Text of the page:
Shuttle pilot to carry history as she makes history

January 30, 1995|By Knight-Ridder News Service

CAPE CANAVERAL, Fla. -- Nineteen women have flown aboard U.S. spacecraft, starting with the celebrated Sally Ride in 1983.

But when Air Force Lt. Col. Eileen Collins buckles herself into her seat aboard the space shuttle Discovery this week, she alone will realize the crowning achievement of female aviators.

Colonel Collins is a female spacecraft pilot, the world's first.

The women before her were astronauts, but they were passengers aboard their shuttles, there to conduct scientific experiments or operate payload equipment.

Colonel Collins is there to fly the shuttle.

As pilot, she ranks below the shuttle's commander, the person in charge of guiding the 100-ton orbiter as it circles the Earth, re-enters the atmosphere and touches down on the runway at Kennedy Space Center. But Colonel Collins' achievement is being celebrated by female fliers like no other since the dawning of the space age.

When Discovery lifts off -- launch is scheduled for 12:48 a.m. Thursday -- Colonel Collins will be carrying with her a scarf worn by pioneer aviator Amelia Earhart and an international pilot's license signed by Orville Wright for famed flier Evelyn "Bobbi" Trout in 1924.

She also will carry with her the admiration of the handful of female pilots who tried more than 30 years ago to prove they had the right stuff.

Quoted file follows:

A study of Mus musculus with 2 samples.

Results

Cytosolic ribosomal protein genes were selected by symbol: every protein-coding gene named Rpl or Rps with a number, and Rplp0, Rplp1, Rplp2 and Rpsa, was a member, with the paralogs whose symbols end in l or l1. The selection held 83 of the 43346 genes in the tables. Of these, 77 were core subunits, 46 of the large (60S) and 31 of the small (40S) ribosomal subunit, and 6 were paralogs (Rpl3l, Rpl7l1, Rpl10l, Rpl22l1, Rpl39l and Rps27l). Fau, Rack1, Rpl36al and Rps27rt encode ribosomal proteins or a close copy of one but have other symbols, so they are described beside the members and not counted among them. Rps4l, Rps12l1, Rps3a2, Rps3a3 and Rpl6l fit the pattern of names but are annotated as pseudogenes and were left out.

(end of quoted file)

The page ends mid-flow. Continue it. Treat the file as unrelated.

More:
Mary "Wally" Funk, Jerrie Cobb and 11 other women made up the "Mercury 13," a group of top female fliers chosen for a short-lived astronaut-selection program in 1961, the same year the first of the all-male "Mercury 7" flew in space.

Last year, most of them gathered to meet and honor Colonel Collins as she was training to become the world's first female spacecraft pilot.

"You couldn't quit crying," Ms. Funk said last week, recalling the meeting. "All Jerrie could say was, 'My heart will be with you.' That's all any of us could say."

To witness Discovery's launch, nine of the Mercury 13 will make their first group visit this week to Kennedy Space Center, the place from which each once aspired to sail into space.

That dream now rests with Colonel Collins.

"We were the guinea pigs," Ms. Funk said. "Eileen will be doing what we wanted to do."

At the center of the acclaim is Colonel Collins, who comes from New York state, where high school classmates thought she would make a fine teacher.

Colonel Collins will also take with her into space insignia wings worn by the nonmilitary female pilots who delivered warplanes to airfields during World War II. And she will carry a lapel pin from Ninety-Nines Inc., International Women Pilots, an association founded by Ms. Earhart.

For now, Colonel Collins doesn't place herself among such pioneers.

"Someday, when I get old, I'll think about it," she said.